Substance Abuse in the Legal Profession
The law presumes that every person reaching legal age—except for those who have been declared mentally incapacitated—may be of a sound mind, therefore competent enough to reason, reach judgments, form contracts and perform all civic duties. This legal requirement can also be viewed as a safeguard against subjective shortcomings in the due course of dealings. However, it has been observed that a vast majority of the legal profession pays little to no regard towards the issue of mental health.
The use of intoxicants and narcotics, as well as access to them, has not been adequately restricted despite extensive efforts. It is also quite apparent that a very large segment of our legal community has fallen victim to substance abuse. As a consequence of this repeated abuse and lack of checks and balances, such abuse has turned into a norm even when lawyers are at work or in court. The most common practices include smoking or chewing tobacco, smoking hashish and consuming alcohol. While personal preferences may lie, for the most part, outside the jurisdiction of any body of law, it must be acknowledged that the effects of such habits go well beyond the person and lead to much wider impact than we presently consider.
Despite the contrary being medically proven, a widely accepted misconception is that smoking or chewing tobacco has negligible mental side effects and only has physical, noticeable side effects, that too in the long term and not instant. However, tobacco and nicotine in any form or quantity do impact the brain and are capable of influencing the overall emotional state of a person and decrease the brain’s ability to function in the long term as they hamper the growth of brain cells. Other addictive intoxicants have also been proven to greatly hinder the functioning of the brain. Several studies have shown that substance abuse greatly impacts employee morale at the workplace as well as the will to be professional and presentable, whereby many individuals lose the tendency to work efficiently when relying on intoxicants.
An article in the New York Times in 2017 focuses on the erratic behaviour of an individual and clarifies how work and mental well-being have spillover effects over each other. It firmly acknowledges the existence of stress in professional life and advises discretion in relying on the unregulated usage of intoxicants to achieve a state of mind which may not be possible otherwise.
Similar details can also be found in psychology, although in a less interesting manner, regarding the reason(s) behind resorting to such activities. Based on various background studies, the scope of the issue has been narrowed down to a simple personality trait: ambition. Professional work can often lead to cutthroat competition, forcing people to participate in the struggle to climb to the top or be left behind. When faced with such competition, anyone would want to grasp every advantage that they have been presented with.
Such behaviour may also be attributed to tradition. Smoking, stemming from social trends, has morphed well into daily practice, inevitably resulting in addiction. Owing to its customary value, no effort has been put into countering the toxic practice, let alone eradicating it completely.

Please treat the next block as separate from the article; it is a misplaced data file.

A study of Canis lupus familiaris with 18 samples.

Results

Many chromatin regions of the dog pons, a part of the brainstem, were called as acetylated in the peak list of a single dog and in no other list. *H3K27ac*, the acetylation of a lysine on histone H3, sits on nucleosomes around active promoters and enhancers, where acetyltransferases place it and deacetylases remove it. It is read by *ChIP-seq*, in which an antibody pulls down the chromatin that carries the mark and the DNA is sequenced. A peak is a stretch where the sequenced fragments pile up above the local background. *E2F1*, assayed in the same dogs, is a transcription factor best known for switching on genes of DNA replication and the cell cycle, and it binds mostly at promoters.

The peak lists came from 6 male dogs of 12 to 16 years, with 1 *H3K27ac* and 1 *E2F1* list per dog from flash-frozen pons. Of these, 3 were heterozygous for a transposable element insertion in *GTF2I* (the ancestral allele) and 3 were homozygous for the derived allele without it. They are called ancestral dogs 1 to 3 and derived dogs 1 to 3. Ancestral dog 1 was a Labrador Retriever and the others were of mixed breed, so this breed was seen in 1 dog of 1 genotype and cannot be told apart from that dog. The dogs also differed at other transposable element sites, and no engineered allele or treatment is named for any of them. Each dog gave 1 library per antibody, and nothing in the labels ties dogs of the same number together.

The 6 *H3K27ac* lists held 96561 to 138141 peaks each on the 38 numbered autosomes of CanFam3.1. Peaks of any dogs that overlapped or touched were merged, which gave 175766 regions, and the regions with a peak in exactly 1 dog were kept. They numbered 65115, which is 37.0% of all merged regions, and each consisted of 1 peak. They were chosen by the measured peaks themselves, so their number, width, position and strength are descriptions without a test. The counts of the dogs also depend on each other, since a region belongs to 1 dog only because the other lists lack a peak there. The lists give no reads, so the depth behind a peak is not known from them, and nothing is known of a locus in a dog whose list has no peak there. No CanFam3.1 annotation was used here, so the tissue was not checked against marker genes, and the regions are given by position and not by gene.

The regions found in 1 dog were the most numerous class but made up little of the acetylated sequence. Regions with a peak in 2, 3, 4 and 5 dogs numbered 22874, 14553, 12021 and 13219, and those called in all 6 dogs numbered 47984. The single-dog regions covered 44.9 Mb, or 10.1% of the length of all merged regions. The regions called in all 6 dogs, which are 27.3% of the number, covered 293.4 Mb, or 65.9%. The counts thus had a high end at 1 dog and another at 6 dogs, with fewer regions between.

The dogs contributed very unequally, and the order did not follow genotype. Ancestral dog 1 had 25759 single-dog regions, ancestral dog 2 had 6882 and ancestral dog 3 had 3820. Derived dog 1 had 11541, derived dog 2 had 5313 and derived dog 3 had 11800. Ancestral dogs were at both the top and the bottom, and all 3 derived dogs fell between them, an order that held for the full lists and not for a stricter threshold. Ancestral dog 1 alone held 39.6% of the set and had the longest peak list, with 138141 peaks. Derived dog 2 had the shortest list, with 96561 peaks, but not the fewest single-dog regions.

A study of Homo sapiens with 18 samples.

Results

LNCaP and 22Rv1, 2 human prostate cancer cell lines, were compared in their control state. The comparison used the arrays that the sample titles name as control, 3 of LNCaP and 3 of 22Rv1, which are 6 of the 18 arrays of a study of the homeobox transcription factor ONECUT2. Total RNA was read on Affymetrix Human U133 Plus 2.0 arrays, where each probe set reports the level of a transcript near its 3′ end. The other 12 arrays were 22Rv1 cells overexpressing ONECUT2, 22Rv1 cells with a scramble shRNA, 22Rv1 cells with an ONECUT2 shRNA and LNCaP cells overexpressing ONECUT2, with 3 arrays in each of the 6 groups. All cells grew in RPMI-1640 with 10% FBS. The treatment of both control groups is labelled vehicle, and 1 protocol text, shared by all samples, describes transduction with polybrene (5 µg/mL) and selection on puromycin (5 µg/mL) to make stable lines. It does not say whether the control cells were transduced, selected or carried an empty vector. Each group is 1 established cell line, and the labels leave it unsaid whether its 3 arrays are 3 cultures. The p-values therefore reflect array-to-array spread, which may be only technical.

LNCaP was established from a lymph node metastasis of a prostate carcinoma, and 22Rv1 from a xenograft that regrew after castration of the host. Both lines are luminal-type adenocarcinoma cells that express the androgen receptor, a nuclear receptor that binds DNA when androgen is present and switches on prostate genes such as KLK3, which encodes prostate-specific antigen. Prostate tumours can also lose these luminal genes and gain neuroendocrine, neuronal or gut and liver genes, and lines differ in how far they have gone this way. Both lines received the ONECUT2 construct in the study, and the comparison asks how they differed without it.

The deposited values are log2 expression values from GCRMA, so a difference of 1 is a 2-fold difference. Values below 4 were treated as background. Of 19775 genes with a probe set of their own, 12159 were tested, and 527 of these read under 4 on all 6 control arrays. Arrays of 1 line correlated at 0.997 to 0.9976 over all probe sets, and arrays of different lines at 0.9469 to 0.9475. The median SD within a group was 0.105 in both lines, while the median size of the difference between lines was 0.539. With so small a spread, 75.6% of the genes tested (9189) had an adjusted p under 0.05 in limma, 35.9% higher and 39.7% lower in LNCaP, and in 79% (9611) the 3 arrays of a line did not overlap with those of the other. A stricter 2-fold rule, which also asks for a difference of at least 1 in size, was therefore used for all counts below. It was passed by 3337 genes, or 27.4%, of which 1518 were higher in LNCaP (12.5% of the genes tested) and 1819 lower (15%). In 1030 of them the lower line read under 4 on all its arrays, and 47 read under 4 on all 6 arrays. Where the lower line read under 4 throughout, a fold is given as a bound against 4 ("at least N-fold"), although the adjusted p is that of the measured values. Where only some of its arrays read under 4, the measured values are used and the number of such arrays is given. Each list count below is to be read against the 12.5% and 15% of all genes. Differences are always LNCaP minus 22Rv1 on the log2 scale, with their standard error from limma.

The practice of testing employees for drug use has been around for a long time and generally ensures efficiency of work and the sanctity of the workplace. For instance, the Due Process in Competency Determinations Act (DPCDA) of California’s Civil Code focuses on a clear and concise set of determinants that play an important role in the process of understanding and making decisions. Individuals who are victim to toxic practices, more often than is acknowledged, adopt an inefficient conduct that leads to habitual incompetence during court proceedings and responsibilities out of court. To no one’s surprise, such behaviour can also transcend into gross misconduct, often bordering on contempt of the honourable courts and the ‘just’ process they stand for.
It is recommended that thorough vetting of legal personnel be carried out and similar processes be adopted to test lawyers for drug usage before they enter courts. Testing methods may include urine or saliva tests for substance abuse and breath test for alcohol. Guidelines similar to the US Department of Health’s Mandatory Guidelines for Federal Workplace Drug Testing Program (SAMHSA’s Guidelines) may be developed to put the testing mechanism in place. The testing may take place randomly, announced or unannounced. Since the process of urine testing is rather invasive, unannounced testing may give rise to an arguable infringement of individual liberty. Nonetheless, this method may prove to be a more efficient deterrent than announced testing which may encourage preparation for the test among people as a way to counter the system such as by limiting the use of intoxicants right before a test to avoid a positive result. Finally, to effectively enforce the system, punitive measures may be introduced, such as reprimand for deliberate disobedience or even suspension from court. Once in place and upon further consideration, the process could also be extended to judicial personnel in order to enhance the delivery of justice.
The views expressed in this article are those of the author and do not necessarily represent the views of CourtingTheLaw.com or any organization with which she might be associated.